Blowing Up the Nuclear Family: the Changing Face of Family Research


July 21, 2016
Time to read: 2 minutes

Families are changing. In the past 10 years there have been major legislative, technological and attitudinal changes towards marriage. This means that it is no longer seen as unusual to be involved in a ‘complicated’ family structure. As a content development agency, we at Hook Research need to always keep these changes in mind when conducting our family research.

The changes in marriage, divorce and cohabitation have contributed to the growing number of new types of family. For instance, two in five of all marriages are now remarriages, which makes step-families one of the fastest growing family forms in Britain.

What does it mean to be a Family today?

Families are now a mix of cohabiting parents, step-families, single parent families, those living apart together, and civil partnerships – as well as the more traditional nuclear family. Households containing two or more families were the fastest growing household type over the decade to 2015, increasing by 50% from 197,000 households in 2005 to 295,000 households in 2015.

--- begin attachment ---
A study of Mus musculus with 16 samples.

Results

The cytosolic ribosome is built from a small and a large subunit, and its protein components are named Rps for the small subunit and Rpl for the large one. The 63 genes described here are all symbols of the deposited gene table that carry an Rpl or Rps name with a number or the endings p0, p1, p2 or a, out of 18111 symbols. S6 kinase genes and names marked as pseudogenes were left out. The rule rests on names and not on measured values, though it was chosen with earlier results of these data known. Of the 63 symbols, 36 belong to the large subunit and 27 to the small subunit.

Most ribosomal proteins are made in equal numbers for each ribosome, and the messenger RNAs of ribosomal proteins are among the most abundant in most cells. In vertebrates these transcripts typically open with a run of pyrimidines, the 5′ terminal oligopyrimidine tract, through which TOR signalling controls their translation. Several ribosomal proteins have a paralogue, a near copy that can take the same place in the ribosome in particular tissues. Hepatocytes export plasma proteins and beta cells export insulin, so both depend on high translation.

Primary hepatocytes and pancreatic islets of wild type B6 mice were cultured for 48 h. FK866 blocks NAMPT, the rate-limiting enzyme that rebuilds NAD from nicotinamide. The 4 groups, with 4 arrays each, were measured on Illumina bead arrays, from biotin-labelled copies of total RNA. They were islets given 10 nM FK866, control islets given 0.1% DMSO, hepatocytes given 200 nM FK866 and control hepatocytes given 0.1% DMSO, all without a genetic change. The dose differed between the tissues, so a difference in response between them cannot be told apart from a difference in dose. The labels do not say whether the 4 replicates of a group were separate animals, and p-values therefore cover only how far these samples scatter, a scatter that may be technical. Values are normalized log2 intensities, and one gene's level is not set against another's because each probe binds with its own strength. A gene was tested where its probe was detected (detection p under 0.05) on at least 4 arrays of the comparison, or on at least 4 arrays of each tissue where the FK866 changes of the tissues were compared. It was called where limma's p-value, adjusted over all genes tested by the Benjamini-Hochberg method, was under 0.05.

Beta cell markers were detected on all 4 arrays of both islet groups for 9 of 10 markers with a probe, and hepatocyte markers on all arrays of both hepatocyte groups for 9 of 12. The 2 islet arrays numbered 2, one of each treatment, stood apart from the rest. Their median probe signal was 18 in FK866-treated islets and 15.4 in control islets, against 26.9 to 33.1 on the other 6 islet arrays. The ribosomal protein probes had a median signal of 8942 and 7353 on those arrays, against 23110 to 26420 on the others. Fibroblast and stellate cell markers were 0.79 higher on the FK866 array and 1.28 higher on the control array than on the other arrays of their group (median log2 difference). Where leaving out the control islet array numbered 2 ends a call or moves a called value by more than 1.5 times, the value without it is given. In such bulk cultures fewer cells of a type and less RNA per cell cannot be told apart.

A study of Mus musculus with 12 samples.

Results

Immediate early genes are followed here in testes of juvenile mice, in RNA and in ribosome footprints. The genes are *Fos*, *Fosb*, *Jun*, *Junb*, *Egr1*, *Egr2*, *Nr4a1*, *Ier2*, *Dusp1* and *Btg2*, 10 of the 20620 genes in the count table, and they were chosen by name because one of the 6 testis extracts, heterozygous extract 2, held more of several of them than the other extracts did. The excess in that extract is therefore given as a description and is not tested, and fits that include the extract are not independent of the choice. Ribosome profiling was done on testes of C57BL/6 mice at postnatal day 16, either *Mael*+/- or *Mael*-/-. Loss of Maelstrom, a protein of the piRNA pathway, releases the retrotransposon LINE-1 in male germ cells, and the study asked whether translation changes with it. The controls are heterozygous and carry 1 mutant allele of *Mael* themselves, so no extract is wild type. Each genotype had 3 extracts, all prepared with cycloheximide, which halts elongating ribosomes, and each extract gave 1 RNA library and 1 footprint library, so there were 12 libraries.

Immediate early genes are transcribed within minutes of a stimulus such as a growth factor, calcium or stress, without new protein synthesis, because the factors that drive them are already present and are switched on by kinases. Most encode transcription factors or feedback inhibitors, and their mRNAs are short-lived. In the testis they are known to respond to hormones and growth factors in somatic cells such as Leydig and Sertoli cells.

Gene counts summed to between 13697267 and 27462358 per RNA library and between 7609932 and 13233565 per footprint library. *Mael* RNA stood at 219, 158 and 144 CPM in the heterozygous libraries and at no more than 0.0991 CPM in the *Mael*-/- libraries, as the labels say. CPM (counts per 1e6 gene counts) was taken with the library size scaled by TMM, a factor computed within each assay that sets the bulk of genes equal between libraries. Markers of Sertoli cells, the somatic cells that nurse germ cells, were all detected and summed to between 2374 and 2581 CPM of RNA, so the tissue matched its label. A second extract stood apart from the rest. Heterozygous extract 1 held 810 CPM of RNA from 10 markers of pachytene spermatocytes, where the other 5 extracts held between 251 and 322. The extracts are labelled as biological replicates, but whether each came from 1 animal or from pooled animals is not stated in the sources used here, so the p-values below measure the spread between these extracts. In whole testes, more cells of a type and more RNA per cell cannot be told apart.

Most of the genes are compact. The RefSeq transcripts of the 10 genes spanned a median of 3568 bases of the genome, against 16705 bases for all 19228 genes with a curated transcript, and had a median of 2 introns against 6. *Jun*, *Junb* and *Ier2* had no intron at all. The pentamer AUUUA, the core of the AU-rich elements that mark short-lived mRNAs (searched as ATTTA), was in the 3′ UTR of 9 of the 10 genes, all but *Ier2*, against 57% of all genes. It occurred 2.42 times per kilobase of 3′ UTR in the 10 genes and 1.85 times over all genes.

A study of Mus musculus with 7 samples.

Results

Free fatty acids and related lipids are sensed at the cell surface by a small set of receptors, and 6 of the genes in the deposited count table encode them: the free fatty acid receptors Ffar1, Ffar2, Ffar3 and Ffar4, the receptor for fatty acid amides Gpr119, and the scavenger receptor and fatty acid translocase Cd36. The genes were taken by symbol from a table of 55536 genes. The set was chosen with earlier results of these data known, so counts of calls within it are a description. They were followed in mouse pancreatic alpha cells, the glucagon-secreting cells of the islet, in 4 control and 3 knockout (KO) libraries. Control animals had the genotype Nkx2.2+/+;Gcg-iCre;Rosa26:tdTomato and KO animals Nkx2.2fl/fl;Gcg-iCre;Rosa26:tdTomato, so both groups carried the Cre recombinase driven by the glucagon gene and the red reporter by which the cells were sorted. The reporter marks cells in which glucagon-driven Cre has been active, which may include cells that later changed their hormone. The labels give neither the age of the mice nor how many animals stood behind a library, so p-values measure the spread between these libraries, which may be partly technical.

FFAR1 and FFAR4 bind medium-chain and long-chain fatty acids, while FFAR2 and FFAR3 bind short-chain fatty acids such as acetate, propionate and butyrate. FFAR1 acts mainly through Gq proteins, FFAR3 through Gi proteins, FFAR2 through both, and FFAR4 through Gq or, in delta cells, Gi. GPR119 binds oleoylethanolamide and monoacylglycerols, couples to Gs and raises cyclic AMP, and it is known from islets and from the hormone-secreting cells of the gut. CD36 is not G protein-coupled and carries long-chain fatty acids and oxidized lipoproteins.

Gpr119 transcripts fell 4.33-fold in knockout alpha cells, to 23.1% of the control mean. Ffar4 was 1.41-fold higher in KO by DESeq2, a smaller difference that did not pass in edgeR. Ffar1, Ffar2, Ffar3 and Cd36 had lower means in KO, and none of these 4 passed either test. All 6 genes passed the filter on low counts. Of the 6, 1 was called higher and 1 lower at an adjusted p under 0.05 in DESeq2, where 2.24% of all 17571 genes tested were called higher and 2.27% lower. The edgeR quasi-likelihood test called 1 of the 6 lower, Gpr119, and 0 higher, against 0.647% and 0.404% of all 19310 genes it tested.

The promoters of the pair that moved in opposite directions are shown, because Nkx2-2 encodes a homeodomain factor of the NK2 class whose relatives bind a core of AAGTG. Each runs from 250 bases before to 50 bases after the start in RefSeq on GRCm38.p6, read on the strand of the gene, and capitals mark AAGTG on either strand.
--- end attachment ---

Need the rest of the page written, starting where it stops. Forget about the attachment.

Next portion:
Changes in the number of multi-family households may in part be due to older couples moving in with their adult child and their family – or vice versa. At the same time, there has been an increase in unrelated families (step families) starting to share households.

Families will go on evolving and we need to ensure we reflect these changes, when relevant, in our family research.

family research - Hook Research

A New Process for Family Research

As part of our unique 4D Methodology, we’ve been increasingly focused on in-home inter-generational research.

This process works by going in home and talking to all generations of a family under one roof. It’s a methodology that works particularly well when researching some BAME families as well as relevant services/brands such as radio listening, factual and family entertainment genres, news and print.

This approach offers a number of benefits:
• Everyone is more comfortable talking in the comfort of their own home
• We can access people who would never turn up to research groups
• Richer insights as discussions develop naturally and evolve as each member of the family is spoken to
• A more balanced and honest view is given as families tend to point out and pick up on family members not giving their real opinions
• Understanding a brand from all angles and how a brand truly works among a range of people with different needs and wants

As researchers, we need to constantly stay on our toes and make sure that we are adapting our methodologies to account for changing cultural norms. We’ll be regularly blogging about our qualitative market research techniques – so sign up to our newsletter or follow us on Twitter to make sure you don’t miss out!